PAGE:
Bruno Barreiro and Barbara Jordan Collect Thousands From Developers Who Benefit From Their Votes

It's an election year so you know what

that means. People doing business with the Miami-Dade County are

making sure they grease up the political campaigns of their favorite

incumbents. That's how a quid pro quo works at County Hall.

Commissioners vote in favor of their generous pals, even if it means

screwing the public.

You just have to scan the finance reports for

the reelection campaigns of Bruno Barreiro and Barbara Jordan -- who

did not respond to inquiries left at their campaign and commission

offices -- to see how the skeezy system works.

On April 25 of last year, Barreiro received $500 campaign donations each from real estate developer Masoud Shojaee and three of his employees. Three companies the builder owns also kicked in another $1500 to the commissioner's reelection drive this past September 26. Two months later, on Nov. 11, Shojaee bundled $3,000 for Jordan. In October, Barreiro and Jordan were among ten county commissioners who voted to grant a special use permit to Mexican cement conglomerate Cemex to blast for limestone rock on land owned by Shojaee despite objections from neighboring farmers and environmentalists, who are now suing the county. Shojaee did not return a phone call seeking comment.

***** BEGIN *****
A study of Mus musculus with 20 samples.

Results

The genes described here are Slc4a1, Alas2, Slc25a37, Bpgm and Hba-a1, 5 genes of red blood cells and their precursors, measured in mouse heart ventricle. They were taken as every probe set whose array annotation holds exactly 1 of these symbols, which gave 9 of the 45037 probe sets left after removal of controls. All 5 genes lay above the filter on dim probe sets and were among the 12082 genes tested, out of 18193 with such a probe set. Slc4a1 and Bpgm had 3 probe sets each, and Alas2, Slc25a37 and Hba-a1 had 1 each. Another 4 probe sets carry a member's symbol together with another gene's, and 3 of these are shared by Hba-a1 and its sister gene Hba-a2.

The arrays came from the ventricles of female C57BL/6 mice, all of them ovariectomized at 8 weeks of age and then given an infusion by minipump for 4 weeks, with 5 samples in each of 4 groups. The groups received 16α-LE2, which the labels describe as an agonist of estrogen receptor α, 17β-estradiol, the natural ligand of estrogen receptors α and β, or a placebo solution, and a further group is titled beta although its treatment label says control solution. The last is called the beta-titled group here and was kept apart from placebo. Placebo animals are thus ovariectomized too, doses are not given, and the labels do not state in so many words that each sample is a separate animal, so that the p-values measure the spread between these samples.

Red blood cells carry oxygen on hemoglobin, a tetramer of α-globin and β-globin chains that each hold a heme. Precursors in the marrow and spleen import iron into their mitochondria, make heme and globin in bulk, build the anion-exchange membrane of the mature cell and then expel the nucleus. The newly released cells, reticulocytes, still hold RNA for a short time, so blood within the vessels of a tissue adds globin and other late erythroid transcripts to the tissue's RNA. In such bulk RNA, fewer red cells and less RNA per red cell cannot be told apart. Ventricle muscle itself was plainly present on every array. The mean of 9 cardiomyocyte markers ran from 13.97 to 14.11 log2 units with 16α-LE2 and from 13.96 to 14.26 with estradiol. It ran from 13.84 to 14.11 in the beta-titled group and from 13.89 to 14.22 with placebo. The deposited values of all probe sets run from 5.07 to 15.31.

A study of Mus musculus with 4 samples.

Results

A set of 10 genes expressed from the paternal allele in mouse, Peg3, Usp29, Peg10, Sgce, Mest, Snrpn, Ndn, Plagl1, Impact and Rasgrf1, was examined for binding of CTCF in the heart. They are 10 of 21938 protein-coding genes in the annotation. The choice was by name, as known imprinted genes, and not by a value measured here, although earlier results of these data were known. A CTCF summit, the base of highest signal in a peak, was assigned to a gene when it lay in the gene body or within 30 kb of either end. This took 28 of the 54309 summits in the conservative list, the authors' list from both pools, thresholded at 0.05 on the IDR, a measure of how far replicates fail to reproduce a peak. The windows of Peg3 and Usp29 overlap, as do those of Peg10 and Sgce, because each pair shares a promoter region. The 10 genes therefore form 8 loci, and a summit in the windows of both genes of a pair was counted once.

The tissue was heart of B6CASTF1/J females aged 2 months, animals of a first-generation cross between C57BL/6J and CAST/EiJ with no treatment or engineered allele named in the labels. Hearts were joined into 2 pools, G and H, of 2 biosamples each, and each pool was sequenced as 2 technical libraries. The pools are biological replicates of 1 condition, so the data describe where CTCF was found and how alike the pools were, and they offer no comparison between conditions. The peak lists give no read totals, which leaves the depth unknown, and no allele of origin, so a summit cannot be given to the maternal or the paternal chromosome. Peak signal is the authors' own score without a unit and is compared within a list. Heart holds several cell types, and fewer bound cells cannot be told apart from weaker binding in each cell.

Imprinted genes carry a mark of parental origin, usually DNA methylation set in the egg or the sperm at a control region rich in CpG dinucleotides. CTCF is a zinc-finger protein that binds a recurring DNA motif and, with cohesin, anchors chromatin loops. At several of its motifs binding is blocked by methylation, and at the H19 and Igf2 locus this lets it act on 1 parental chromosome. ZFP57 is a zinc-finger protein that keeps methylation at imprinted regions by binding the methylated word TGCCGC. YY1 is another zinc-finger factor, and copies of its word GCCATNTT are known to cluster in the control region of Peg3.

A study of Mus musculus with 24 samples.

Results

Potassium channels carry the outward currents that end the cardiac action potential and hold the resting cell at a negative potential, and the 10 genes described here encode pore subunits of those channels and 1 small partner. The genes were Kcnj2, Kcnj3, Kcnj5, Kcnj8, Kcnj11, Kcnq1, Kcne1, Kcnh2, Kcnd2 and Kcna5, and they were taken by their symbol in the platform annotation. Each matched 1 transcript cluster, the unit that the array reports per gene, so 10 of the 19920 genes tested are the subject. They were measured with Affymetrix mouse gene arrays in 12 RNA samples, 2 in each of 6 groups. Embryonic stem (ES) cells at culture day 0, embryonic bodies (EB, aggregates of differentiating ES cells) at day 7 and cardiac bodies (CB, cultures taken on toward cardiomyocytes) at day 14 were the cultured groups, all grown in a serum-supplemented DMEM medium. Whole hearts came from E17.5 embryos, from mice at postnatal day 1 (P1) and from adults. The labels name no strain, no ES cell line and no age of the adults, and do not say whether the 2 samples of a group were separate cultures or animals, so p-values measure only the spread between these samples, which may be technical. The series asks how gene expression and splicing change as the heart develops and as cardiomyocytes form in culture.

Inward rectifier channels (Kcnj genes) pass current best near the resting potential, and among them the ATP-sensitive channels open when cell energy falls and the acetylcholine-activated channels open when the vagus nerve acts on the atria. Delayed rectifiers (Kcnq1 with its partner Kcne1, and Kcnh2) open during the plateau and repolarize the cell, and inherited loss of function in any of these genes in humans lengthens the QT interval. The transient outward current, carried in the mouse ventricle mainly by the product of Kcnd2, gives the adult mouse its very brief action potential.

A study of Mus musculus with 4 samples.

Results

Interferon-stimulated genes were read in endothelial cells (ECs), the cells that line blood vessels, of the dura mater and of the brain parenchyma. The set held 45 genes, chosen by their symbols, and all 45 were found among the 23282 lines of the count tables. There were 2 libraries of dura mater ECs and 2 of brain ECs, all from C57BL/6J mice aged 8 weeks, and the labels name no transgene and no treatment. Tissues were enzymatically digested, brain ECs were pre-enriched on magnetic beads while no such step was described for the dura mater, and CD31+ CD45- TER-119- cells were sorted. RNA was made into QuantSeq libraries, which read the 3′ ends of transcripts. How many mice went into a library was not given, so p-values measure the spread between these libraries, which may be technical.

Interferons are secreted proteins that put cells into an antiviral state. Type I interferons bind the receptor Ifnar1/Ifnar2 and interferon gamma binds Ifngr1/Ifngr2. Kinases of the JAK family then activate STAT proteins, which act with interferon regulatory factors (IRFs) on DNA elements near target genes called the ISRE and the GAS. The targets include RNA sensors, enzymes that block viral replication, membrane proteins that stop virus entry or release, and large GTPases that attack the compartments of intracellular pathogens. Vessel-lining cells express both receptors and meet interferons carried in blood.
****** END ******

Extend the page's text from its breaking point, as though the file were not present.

Shojaee is not the only developer showing gratitude to Barreiro and Jordan. This past July 19, commissioners approved Barreiro's request to allocate a $3.7 million grant for the construction of an affordable housing project in Little Havana being built by the Related Group of Florida. Less than a month later on Aug. 2., Barreiro got $6,500 from a corporation owned by Related Vice-President Alberto Milo and 12 companies listing the same corporate address as Related's at 315 S. Biscayne Blvd. This past Dec. 30, Milo and two Related Group entities gave $500 each to Jordan, who voted to give Related the $3.7 million.

Like Shojaee, Milo didn't want to talk about the donations.